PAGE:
Picking

Now the sun is out the white marks show up more clearly against the tanning skin, a landscape of negative freckles.

I’ve been reading about the psychology of relationships a lot recently because of the dawning realisation that I don’t know how they work. Just as one acquires language as a child so one acquires social, interpersonal and emotional skills. Unfortunately if the available vocabulary of the latter is severely limited then the subsequent ability to communicate in these ways is concomitantly crap.

Research, observation and modelling the behaviour of others helped me immeasurably in the mission to acquire parenting skills which are, after all, a very specific set of relationship abilities. I’m still crap at it, but, thank god, it’s clear that I’m not as crap as my mother was. Mainly I suppose because I’m not as ill as she was. My travels through wikipedia in search of insight brought me to attachment theory, from there to reactive attachment disorder and complex post traumatic stress disorder.

Such a lot of long labels and phrases. Words, words, words. And yet. And yet. It’s deeply, viscerally shocking and upsetting. To be taken back to the obsessive gouging of flesh, pulling at the layer beneath the skin, tearing away as the white vacancy fills with bright red sting and tang of blood. The sight and the smell and the taste (sucking the blood, sucking the blood hard to pull out the venom of badness, one day, one day if I do this enough maybe it will be gone, the invisible stigma, the evil that must lurk, must be exorcised, excised, and then look at the white bloodless flesh and the red seeping in again).

I used to do this every day.

Sometimes I still do.

Apparently a characteristic symptom is “belief that one has been permanently damaged by the trauma”. How can this be merely a belief when the evidence is there, carved indelibly across the surface of my being in marks of tan and white.

3 Replies to “Picking”

  1. (((Rachel)))

    I think there is both the real damage from the trauma and the understandable tendency to over-interpret all sorts of things as symptoms of that damage. Knowing oneself and which is which is a never-ending journey.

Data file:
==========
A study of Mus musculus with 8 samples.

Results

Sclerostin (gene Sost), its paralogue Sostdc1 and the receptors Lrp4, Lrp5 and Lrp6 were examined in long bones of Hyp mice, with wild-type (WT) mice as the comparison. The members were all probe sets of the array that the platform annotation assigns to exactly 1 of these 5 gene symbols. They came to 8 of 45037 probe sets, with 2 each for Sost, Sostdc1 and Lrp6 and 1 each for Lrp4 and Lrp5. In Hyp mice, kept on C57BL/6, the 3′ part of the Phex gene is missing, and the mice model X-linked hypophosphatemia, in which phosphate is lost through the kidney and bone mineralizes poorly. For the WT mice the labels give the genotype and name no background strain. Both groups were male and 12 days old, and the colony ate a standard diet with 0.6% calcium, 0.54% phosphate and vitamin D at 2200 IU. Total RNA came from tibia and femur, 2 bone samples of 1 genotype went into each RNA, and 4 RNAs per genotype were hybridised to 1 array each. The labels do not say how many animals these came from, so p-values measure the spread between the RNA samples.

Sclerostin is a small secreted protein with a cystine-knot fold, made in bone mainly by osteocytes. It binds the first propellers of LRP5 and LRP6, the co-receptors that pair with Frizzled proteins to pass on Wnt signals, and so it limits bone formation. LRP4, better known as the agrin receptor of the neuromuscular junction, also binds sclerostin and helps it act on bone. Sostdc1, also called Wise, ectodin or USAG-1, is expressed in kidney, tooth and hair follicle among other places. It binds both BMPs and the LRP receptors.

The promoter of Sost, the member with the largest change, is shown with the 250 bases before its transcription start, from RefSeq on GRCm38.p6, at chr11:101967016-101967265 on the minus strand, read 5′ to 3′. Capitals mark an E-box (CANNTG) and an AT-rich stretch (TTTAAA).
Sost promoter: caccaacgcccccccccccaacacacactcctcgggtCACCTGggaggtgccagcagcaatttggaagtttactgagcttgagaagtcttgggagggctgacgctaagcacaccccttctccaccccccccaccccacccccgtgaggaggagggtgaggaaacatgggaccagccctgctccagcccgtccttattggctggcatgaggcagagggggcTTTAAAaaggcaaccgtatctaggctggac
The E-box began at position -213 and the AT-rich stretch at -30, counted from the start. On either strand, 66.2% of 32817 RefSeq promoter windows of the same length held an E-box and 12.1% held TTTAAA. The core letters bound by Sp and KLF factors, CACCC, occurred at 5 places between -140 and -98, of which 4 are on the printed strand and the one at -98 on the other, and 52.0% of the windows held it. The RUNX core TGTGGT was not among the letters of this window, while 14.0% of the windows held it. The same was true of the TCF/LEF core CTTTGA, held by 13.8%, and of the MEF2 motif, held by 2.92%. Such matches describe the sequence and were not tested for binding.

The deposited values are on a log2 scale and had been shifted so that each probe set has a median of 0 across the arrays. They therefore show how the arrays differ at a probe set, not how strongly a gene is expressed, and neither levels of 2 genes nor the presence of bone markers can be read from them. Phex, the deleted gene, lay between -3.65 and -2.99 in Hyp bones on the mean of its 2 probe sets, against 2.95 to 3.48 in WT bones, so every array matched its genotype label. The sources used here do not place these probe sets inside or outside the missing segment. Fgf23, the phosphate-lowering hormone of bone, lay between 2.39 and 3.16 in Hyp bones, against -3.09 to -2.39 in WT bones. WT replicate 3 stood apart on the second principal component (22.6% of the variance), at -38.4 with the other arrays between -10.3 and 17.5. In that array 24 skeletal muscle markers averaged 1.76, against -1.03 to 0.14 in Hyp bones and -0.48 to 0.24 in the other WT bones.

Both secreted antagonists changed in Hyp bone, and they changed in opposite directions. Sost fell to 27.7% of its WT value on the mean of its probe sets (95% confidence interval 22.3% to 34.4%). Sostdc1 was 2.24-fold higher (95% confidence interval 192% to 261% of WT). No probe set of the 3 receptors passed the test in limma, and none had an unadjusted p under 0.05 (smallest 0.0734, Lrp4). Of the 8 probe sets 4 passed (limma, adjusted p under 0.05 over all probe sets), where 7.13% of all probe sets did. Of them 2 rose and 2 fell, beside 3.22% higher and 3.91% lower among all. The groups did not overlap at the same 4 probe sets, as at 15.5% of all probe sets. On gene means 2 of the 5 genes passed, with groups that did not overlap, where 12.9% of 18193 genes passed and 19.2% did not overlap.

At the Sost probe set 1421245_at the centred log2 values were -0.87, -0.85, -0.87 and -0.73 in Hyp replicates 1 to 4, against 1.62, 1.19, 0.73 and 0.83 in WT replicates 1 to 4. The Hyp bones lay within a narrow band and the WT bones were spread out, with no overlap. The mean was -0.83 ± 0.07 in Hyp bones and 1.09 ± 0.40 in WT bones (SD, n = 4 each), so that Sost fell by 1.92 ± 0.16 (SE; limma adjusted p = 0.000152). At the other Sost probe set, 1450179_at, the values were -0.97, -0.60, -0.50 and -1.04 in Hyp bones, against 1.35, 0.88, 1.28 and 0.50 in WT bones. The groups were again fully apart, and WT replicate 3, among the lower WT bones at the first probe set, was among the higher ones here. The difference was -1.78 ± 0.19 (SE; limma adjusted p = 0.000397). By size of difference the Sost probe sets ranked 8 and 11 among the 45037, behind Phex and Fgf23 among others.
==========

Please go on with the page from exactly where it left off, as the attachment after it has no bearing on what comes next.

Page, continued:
One of the crucial difference between you and your mother is certainly your degree of self-insight. It’s not the behaving badly to your kids on occasion that matters – I think everyone does that. It’s the capacity to acknowledge this to yourself and to them, so they don’t internalise that it’s entirely their fault, that makes the difference.

  2. Yes, yes, and yes to what Jean says. It makes all the difference in the world. The hardest thing for a child is to know something’s wrong and to have all the adults apparently convinced that everything (except the child, of course) is all right. That’s what really brings the darkness.

    I don’t believe for a second you’re crap as a mother at all — for one thing, your love for your kids is palpable, it radiates off these pages, and kids perceive that unerringly.

    Of course we’re all dreadful parents, compared to what we want to be. I know I am, anyway.

    {{{Rachel}}}

    Much depends on what you mean by permanent. It will never go away — that’s true, in the sense that you will never be the person you would have been without the trauma. But you won’t stay stuck. You haven’t stayed stuck. You’re in the middle of transforming it. Your capacity for transmutation is astonishing. You don’t need pretty materials to make beautiful things.

  3. Sigh. Yes, everyone has their story to tell, I heard a woman say very patiently and carefully after listening to a lengthy tale of woe. Nobody’s perfect and we’re all rolled around in various ways like the pebbles on the beach. I just have an annoying tendency to jump up and down and shout about it. As though it could alter the falling of the waves of the past or the shape of those in the future.